Corncrake - Photo  Copyright 2009 Steve Botham

Latin name: Crex crex

Size: Approximately 30cms tall.

Distribution: The corncrake is a rare and declining summer visitor. It's remaining strongholds are in north-west Scotland and Ireland.

Months seen: April to October.

Food: Eats mainly insects, worms and seeds.

Habitat: Grassland and hayfields.

Special features: Corncrakes arrive from Africa in the spring (around mid-April) and leave again in August and September.

They are best located by their call which can be heard both day and night. In fact the Latin name for this bird comes from the grating call they make, which sounds like a comb being stroked (twice) across the edge of a cardboard box. If you get to see the bird you'll notice it has distinctive chestnut plumage on its flanks. It has long wings, and flies low with its legs dangling.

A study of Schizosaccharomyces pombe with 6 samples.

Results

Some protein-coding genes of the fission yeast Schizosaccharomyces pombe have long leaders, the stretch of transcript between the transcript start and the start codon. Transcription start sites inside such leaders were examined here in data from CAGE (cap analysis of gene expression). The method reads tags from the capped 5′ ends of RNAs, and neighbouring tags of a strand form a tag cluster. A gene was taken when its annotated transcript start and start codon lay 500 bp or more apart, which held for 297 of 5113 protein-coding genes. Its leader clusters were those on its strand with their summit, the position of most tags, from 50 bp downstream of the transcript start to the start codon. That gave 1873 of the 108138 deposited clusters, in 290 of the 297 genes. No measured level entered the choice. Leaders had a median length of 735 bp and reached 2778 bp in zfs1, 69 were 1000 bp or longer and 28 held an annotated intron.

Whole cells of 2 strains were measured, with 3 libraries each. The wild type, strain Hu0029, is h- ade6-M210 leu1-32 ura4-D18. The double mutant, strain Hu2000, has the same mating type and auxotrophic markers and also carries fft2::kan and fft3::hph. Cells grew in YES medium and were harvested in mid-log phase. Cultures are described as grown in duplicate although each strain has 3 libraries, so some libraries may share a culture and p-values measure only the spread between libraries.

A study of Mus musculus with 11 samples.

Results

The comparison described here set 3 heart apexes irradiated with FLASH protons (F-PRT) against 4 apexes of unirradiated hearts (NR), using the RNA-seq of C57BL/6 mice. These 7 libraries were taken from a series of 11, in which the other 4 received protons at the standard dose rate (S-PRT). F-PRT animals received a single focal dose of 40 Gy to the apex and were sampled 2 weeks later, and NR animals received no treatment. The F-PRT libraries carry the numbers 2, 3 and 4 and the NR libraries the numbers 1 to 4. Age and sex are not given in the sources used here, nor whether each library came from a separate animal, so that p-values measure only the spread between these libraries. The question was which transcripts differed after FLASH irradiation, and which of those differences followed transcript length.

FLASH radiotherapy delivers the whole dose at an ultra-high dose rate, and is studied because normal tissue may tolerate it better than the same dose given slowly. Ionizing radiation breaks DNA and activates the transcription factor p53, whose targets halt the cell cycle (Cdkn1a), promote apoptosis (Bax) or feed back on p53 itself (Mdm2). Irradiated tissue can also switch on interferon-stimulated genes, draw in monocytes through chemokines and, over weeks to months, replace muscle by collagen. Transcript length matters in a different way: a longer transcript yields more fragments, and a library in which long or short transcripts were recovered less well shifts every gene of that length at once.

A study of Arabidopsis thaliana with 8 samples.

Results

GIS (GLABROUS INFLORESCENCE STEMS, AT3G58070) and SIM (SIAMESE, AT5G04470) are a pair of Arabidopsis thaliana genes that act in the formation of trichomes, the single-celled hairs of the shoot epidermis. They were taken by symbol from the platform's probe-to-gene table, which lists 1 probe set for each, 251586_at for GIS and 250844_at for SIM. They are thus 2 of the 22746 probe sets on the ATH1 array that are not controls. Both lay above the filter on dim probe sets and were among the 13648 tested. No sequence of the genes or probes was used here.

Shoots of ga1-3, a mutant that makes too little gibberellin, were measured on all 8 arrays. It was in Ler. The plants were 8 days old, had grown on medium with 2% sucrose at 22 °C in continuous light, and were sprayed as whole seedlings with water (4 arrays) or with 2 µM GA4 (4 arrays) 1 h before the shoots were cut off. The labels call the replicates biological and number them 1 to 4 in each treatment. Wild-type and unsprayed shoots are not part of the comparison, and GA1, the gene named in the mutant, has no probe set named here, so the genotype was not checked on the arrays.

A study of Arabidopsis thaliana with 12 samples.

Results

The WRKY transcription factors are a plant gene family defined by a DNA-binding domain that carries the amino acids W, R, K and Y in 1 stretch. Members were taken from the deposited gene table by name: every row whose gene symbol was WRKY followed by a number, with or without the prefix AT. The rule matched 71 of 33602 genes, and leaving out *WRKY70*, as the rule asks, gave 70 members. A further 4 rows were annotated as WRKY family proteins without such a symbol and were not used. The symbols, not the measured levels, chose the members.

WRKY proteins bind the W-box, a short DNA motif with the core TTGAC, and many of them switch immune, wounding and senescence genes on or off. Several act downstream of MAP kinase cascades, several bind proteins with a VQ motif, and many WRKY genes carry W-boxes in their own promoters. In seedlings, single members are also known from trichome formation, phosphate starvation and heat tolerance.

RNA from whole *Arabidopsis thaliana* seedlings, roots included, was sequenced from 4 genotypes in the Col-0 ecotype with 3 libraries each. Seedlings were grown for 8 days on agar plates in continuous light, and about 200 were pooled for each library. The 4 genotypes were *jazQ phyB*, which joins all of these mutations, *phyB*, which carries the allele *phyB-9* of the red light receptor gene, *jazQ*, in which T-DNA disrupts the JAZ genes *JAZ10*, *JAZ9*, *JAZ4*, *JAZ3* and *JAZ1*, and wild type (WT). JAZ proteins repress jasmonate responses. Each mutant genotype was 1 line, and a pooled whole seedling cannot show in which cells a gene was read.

The main reason for its decline is believed to be the switch from growing grass for hay to growing it for silage. Grass grown for hay is rarely cut before August, while grass grown for silage is cut June and July. This is the time when corncrakes are nesting in fields, so nests, and eggs are destroyed by the silage mowing machines.

Corncrake - Photo  Copyright 2002 Nicole Burgum Photo: Nicole Burgum

On their nature reserves on Islay, Coll and other Hebridean islands, the RSPB have encouraged more corncrakes to nest by fencing off corners of fields to keep out grazing stock.

In addition, payments are being made to farmers for delayed hay and silage-cutting. The result has been a steady, increase in numbers in the last few years.